The scraper bike movement is a microcosm of the larger sustainability imperative because they both share a common driver:
Adapting to scarce resources often requires tremendous creativity. The original scraper car phenomenon involved taking older cars with little market value and making them desirable through customization, offering a more affordable way to have a desirable car. This process was repeated in the form of scraper bikes, whereby kids that either can’t drive or can’t afford scraper cars can hook themselves up with a sweet ride. The scraper bike is an innovation that addresses scarce economic resources, turning old bike parts that may have ended up in a landfill into pieces of moving art that double as carbon-free transportation.
There is also a direct connection between scraper bikes and non-violence. Scarcity is often responsible for pushing communities towards violence. Scraper bikes provide those with limited resources a channel for creative self-expression. Young people can feel seen, empowered, and be a part of a community that is organizing peace rides for non-violence and advocating for sustainability.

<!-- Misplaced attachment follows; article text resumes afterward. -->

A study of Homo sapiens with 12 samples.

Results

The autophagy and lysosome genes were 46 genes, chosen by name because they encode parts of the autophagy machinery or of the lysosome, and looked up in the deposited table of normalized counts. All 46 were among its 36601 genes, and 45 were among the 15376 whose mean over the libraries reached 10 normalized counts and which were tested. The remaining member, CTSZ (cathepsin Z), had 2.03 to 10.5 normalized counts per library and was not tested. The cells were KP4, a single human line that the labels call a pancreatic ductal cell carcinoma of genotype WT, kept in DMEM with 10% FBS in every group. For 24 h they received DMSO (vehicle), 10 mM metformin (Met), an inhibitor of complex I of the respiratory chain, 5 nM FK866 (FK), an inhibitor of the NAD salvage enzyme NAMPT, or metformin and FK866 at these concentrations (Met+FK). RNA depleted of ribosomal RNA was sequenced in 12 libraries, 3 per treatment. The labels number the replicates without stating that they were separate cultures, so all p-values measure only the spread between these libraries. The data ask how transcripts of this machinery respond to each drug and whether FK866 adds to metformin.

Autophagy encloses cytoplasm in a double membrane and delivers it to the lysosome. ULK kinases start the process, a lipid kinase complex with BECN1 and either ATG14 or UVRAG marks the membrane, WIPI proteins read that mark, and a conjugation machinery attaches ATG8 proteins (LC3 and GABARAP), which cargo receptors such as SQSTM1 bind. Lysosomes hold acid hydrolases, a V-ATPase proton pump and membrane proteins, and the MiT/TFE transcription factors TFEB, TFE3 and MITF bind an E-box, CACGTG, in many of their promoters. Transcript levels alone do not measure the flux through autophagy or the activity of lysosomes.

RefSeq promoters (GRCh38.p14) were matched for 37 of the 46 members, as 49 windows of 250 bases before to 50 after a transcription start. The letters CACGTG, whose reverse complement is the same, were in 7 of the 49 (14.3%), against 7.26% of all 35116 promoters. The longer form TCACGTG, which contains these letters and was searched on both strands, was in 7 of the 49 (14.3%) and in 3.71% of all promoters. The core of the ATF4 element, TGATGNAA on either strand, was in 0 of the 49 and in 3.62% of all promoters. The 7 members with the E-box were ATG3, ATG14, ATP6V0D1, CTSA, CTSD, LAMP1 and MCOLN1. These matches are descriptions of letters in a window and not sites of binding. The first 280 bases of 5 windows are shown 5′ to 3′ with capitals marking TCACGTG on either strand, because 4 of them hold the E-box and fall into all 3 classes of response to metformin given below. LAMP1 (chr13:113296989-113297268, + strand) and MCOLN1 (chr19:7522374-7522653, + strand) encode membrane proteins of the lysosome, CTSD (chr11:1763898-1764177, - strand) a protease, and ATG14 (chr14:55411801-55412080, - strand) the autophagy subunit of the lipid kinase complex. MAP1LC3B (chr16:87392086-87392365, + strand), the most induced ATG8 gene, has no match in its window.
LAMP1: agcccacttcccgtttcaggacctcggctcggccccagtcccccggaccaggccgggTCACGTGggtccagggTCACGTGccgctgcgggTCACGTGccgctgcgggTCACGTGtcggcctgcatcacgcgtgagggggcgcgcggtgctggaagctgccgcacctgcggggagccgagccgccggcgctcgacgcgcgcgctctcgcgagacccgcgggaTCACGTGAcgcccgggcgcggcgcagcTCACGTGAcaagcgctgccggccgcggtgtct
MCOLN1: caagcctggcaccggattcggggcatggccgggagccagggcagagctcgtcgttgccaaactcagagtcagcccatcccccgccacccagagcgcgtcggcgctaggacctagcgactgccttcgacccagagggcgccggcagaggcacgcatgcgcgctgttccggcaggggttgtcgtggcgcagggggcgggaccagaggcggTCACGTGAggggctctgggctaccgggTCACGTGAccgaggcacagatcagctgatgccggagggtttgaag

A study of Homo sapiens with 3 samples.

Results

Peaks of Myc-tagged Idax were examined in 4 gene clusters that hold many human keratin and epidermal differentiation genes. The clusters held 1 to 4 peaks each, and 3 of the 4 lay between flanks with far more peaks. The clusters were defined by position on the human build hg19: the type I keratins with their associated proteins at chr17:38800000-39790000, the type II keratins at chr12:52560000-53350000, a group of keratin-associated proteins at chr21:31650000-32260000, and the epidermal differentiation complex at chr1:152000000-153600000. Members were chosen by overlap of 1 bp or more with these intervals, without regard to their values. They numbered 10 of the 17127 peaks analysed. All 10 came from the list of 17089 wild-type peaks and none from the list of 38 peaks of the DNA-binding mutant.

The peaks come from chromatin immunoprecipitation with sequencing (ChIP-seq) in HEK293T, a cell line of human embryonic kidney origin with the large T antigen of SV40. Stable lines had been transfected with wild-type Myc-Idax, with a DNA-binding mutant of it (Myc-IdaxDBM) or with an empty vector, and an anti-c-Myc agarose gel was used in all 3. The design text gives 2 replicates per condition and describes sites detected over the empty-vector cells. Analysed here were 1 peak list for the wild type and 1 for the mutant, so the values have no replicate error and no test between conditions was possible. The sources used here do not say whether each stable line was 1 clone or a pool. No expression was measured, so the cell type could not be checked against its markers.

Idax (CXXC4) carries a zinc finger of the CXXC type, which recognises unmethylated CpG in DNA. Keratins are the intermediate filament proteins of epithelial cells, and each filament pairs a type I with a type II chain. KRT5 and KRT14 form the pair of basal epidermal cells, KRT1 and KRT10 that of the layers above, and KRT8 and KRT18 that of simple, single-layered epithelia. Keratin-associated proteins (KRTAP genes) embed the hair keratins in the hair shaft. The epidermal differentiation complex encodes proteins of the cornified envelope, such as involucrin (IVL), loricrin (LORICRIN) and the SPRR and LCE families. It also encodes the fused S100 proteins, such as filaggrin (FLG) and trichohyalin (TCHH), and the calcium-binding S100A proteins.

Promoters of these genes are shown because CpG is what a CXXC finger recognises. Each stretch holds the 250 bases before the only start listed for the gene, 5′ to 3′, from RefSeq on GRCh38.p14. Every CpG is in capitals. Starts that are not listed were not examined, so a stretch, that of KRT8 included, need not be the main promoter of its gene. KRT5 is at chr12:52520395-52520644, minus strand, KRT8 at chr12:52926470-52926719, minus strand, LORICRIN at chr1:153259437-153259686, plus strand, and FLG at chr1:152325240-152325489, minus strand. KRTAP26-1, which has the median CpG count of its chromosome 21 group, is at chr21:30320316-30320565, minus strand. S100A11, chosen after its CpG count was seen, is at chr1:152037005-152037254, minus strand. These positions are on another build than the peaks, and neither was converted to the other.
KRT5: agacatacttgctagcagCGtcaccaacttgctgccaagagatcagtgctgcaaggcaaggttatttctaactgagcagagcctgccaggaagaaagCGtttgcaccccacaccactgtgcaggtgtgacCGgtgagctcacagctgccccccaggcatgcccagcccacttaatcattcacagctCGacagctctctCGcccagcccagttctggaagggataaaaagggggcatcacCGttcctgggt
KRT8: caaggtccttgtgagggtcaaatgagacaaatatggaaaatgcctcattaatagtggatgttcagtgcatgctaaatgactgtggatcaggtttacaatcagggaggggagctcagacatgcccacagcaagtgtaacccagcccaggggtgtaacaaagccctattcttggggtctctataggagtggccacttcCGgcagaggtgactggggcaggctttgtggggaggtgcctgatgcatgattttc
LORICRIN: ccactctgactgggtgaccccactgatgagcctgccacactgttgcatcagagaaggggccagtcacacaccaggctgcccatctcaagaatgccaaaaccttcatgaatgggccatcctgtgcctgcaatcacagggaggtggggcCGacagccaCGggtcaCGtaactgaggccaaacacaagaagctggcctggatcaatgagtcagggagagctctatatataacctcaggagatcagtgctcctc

What’s the lesson for business and policy? Creating a more sustainable world means getting more done with increasingly scarce resources. It’s going to mean non-violence and the equitable distribution of those scarce resources. It’s going to mean empowering communities to become more self-sufficient, and coming up with policy, products, ideas, and services that create meaningful value within the context of a community’s culture. In short, we’re going to need a helluva lot of the type creativity and enthusiasm underlying the scraper bike movement.